Twelve O'clock High

One of Gregory Peck's five Oscar nominations came for 1949's Twelve O'clock High, which many World War II Air Force veterans claimed was the most true-to-life war film ever made. I had never seen it before, and was amazed to find that it had very little combat in it, and it was mostly about leadership. Not surprisingly, it is shown at service academies when leadership is taught.

In the fall of 1942, the only Americans in action in Europe were pilots flying out of England. In this film the 918th is a bomber squadron hitting German industrial targets. The commanding officer is Gary Merrill, but he has become too close to his troops and is relieved, replaced by his superior, Brigadier General Peck. Peck brings a no-nonsense approach to command, immediately angering just about everyone, and almost all the pilots want a transfer.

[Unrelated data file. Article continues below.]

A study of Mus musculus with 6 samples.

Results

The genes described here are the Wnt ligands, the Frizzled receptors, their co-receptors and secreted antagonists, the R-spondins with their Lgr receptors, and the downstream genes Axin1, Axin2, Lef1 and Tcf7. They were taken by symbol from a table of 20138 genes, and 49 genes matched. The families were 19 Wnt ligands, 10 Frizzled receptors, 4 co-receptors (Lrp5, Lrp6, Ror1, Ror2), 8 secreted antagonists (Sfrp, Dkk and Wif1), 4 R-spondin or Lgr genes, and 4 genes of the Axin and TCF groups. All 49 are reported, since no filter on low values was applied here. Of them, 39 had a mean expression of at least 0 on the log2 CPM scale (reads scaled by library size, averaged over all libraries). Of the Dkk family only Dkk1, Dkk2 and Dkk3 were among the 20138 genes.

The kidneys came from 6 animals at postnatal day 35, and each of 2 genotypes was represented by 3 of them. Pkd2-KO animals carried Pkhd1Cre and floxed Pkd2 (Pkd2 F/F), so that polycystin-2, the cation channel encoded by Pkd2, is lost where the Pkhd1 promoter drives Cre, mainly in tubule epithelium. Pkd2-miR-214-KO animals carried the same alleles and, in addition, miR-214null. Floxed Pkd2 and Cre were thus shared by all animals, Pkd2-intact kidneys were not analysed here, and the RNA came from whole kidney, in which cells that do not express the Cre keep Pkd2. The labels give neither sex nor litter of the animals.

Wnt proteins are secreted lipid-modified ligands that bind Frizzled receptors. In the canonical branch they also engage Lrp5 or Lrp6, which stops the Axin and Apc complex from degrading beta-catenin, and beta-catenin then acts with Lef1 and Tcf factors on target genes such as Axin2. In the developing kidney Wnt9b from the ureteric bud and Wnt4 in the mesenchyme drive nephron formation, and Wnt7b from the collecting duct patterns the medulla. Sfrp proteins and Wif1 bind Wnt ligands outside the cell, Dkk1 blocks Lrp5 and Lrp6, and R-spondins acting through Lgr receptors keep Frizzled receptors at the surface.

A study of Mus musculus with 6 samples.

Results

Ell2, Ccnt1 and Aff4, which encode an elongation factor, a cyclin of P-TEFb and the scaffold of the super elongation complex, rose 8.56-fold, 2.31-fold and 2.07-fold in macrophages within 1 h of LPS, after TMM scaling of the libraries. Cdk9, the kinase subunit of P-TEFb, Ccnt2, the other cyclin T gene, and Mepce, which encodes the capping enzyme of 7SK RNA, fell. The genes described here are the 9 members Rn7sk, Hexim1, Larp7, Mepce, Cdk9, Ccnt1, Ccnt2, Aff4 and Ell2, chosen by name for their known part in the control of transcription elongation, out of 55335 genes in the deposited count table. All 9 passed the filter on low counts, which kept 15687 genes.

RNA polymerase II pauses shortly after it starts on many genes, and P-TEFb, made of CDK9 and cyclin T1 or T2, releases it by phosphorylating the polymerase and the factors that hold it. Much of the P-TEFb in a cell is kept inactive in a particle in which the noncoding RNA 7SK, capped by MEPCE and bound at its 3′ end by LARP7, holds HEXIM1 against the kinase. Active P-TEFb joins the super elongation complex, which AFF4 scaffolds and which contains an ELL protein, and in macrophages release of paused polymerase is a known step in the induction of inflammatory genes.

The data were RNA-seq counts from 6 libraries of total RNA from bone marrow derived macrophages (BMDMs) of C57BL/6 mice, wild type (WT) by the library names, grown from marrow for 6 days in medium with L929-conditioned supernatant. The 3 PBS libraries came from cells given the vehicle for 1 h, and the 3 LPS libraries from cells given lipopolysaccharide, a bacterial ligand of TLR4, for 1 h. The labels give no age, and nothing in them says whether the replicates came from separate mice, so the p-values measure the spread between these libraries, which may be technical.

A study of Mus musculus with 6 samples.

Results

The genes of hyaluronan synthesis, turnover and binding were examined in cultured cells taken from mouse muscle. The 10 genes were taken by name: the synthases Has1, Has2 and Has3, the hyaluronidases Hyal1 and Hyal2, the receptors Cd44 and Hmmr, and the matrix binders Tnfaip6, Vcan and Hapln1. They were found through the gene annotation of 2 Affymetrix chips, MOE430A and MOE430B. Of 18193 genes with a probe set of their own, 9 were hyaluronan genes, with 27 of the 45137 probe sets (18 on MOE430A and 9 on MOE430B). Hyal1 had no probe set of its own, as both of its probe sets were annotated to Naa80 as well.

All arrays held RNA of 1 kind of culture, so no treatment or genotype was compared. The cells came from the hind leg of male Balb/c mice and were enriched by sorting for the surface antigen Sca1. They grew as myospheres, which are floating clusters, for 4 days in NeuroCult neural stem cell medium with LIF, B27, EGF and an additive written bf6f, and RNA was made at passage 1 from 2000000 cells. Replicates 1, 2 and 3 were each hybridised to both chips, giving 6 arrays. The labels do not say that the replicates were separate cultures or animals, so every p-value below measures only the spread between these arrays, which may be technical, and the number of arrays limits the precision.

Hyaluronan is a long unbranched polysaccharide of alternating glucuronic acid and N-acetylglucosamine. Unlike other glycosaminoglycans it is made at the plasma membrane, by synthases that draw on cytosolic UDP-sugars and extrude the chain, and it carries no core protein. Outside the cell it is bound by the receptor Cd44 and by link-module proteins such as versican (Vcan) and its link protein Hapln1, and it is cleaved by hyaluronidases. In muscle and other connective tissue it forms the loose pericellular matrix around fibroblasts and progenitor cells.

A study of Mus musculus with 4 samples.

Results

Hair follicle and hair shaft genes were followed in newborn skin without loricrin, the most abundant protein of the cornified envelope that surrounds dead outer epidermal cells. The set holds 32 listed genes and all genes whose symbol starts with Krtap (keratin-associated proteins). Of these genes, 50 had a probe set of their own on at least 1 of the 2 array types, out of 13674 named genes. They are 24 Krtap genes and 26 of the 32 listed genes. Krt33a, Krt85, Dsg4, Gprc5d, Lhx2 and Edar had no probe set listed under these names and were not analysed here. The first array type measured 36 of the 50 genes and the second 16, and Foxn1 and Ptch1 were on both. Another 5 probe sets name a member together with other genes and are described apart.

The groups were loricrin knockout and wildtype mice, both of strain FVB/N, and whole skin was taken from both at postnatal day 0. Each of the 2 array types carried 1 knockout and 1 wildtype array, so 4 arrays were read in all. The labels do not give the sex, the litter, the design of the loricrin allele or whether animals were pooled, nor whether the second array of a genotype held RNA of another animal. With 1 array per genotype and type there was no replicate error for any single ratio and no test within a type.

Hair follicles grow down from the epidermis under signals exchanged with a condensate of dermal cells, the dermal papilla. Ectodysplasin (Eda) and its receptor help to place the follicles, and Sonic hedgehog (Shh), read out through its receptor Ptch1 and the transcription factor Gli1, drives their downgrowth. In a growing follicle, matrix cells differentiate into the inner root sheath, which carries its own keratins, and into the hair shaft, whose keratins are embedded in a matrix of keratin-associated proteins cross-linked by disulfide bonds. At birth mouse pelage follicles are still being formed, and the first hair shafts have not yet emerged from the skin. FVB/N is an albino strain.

Along with his faithful adjutant (Dean Jagger, who won an Oscar for the role) they hold up the paperwork to see if a few successful missions will improve morale.

A lot of this is based on real people and events. Some thought that what they were doing--daylight precision bombing, some of it without fighter support--was nuts. A major raid on a ball bearing plant, called Black Thursday, is represented here near the climax of the film. The footage is real, taken from both American and German planes, so when a plane explodes it's not special effects. There's a moment when Peck watches one of his planes obliterated, realizing his air exec is on board. He can only take a moment to let that sink in before he goes on.

The upshot of the film is that, in the military at least, you can't coddle your men. Peck tells them that they might as well think of themselves as already dead--don't think about going home, that will make it easier. But after being in command for a while, he starts to take pride in them and see them as individuals, the same fate that befell Merrill.

I was expecting a much more action-packed film, but I got a much more thoughtful, if sedate, film. It was directed by Henry King, who made five pictures with Peck (including The Gunfighter, reviewed below).